Russian gay rights activist Polina Savchenko to attend Manchester Pride as festivalgoers urged to show solidarity with St Petersburg's oppressed gay community
Gay rights activist Nikolai Alekseev arrested in St Petersburg

Manchester Pride festivalgoers are being urged to show their suppport for St Petersburg's persecuted gay community by sending a text message.

The Russian city has been condemned by world leaders and human rights activists after it passed an anti-gay 'propaganda' law which effectively gags any public discussion of LGBT issues or events targeted at gay and trans people, including pride.

Manchester City Council, St Petersburg’s twin city in the UK, begged officials to veto the bill during a visit marking the 50th anniversary of the cities’ friendship in March.

And now northern England's buzzing metropolis is calling on people attending Manchester Pride this weekend to stand up for gay rights in St Petersburg by sending a text message to the Russian city's lesbian, gay, bisexual and transgender residents.

Messages should be sent to 86099 and start with the word 'PRIDE' and include your name and where you are from. You will only be charged at your standard text rate and all messages will be forwarded to LGBT groups in St Petersburg, including Coming Out.

Councillor Bev Craig, Manchester City Council’s lead member for lesbian issues, said: 'It’s hard to believe that in this day and age that people still suffer state persecution simply because of their sexuality. But, sadly, that is true in many parts of the world, including our sister city of St Petersburg.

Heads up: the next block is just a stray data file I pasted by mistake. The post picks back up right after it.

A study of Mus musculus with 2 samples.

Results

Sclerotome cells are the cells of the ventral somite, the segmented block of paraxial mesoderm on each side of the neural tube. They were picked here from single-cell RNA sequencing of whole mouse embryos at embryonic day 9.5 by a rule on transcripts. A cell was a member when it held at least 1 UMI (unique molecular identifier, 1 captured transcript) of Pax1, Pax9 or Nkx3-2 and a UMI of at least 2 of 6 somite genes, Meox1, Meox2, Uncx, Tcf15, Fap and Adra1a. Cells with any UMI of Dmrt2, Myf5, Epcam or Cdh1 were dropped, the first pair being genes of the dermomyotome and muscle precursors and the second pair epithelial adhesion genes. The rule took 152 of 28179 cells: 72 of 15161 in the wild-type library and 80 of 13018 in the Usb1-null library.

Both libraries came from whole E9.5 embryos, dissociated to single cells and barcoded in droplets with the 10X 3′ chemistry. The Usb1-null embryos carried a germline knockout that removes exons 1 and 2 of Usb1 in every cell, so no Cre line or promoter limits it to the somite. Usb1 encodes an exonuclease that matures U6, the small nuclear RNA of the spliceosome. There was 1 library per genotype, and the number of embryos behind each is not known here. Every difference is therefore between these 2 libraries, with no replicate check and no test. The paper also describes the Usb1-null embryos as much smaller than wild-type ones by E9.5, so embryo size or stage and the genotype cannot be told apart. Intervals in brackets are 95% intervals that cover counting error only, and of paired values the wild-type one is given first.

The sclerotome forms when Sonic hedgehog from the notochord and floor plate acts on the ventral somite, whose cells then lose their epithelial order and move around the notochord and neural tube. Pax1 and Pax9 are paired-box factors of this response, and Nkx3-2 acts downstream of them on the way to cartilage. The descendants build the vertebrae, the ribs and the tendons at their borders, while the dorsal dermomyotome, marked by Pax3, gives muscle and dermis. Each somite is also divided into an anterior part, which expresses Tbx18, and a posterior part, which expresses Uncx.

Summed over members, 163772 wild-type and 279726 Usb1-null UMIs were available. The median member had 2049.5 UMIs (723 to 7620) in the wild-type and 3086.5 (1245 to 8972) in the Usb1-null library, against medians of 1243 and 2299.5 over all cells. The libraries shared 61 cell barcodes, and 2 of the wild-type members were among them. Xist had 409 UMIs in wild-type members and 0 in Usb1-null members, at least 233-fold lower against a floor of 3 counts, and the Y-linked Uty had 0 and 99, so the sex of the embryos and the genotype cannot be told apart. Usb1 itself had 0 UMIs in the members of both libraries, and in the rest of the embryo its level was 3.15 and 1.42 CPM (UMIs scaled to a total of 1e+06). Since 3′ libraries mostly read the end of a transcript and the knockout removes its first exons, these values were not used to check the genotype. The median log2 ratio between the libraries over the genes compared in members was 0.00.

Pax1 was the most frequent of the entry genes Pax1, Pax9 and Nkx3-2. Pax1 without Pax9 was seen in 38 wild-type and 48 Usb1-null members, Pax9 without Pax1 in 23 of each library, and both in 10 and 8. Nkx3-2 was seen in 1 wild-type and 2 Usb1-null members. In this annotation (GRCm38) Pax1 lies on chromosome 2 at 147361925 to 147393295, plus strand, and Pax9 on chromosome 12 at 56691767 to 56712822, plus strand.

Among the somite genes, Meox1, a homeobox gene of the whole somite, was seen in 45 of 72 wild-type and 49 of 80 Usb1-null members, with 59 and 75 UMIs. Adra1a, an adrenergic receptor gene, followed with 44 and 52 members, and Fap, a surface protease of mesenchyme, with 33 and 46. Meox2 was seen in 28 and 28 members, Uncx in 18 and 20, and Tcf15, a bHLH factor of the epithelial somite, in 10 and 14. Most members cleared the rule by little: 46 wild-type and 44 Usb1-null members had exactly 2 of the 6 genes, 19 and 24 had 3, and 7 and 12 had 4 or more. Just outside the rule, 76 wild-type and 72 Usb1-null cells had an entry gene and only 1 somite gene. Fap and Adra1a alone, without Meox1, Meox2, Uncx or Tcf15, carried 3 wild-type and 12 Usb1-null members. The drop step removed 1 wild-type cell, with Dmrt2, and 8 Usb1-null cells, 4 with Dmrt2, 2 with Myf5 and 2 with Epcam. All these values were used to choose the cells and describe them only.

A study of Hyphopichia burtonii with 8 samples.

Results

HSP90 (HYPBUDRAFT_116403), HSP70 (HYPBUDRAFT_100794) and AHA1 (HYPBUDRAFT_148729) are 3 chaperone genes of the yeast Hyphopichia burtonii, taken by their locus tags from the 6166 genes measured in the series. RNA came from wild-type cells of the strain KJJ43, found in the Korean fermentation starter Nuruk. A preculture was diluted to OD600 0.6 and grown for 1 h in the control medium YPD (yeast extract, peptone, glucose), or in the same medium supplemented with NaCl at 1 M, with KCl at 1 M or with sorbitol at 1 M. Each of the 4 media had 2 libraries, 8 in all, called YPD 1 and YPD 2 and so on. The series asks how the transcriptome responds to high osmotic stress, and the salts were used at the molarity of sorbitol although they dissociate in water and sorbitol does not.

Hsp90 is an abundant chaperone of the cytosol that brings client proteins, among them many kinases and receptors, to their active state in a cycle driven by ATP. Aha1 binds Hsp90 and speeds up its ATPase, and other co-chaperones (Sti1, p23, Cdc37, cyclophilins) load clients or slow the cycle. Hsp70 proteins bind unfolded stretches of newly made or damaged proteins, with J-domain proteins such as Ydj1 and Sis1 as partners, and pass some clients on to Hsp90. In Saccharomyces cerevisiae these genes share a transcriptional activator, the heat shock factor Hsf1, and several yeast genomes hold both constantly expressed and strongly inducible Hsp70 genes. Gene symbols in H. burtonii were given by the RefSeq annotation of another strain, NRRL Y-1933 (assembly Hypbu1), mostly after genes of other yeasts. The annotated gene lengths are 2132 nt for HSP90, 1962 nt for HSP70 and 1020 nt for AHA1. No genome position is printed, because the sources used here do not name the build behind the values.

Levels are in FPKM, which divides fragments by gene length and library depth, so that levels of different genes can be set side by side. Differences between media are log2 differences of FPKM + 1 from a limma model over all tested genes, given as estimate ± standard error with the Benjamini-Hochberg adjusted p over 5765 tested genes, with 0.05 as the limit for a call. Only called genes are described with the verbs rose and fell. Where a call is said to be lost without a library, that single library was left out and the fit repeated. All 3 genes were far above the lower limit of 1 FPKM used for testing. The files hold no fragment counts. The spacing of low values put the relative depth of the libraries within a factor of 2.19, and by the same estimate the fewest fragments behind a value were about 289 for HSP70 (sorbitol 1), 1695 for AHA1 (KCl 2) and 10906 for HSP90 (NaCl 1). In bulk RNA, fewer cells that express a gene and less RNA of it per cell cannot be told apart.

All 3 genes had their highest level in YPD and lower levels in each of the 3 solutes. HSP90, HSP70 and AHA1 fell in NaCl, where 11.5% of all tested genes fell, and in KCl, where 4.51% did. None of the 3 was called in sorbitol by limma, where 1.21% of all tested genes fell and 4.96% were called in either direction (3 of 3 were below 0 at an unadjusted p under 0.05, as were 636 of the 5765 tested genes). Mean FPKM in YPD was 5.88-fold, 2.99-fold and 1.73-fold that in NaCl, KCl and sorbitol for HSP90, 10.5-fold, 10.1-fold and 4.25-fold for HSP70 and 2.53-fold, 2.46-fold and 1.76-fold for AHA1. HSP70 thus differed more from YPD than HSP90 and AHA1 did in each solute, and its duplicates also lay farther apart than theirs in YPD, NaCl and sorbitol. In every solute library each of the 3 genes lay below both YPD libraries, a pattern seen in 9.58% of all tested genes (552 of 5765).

'This is a great chance to send a clear message to gay people in St Petersburg that we stand shoulder-to-shoulder with them in their fight for equality.'

She added that Manchester Pride is about more than celebration.

'It’s also about solidarity, it’s about protest, it’s about getting angry about injustice,' Cllr Craig said.

'And it is about all of us, gay and straight, taking a stand to say that human dignity is a universal right. I’m proud that we are showing that politics is very much still at the heart of pride.'

Leaflets and flags will be given to spectators at tomorrow's (25 August) parade and a special banner, carrying a message of solidarity for LGBT people in St Petersburg, will be carried through the streets. It will also be sent to St Petersburg after pride.

One of Russia’s leading gay activists will be attending pride to share her experiences of living in St Petersburg. Polina Savchenko is one of the directors of Coming Out, a St Petersburg-based LGBT group that provides vital support to gay people in the city and lobbies for LGBT rights.

The group hopes to organise a festival in the city next month to celebrate LGBT life, despite the oppressive legislation.

Polina will address the crowds at the main stage in the festival, will take part in the parade and will meet representatives from Manchester LGBT groups.

The theme of this year's Manchester Pride parade is 'Queer'd Science' in honor of gay computer genius Alan Turing whose work in Manchester led directly to the technological revolution that has transformed all our lives.

After being arrested for being gay, Turing was forced to undergo brutal medical treatment to 'cure' him of his homosexuality. This led to him taking his own life in 1954. This year would have been the centenary of his birth.

Manchester Pride runs until the 27 August. The parade takes place on tomorrow from 1pm, starting in Liverpool Road. For more information on the free parade, and how to buy tickets for the Big Weekend event in the gay village, visit the official website here.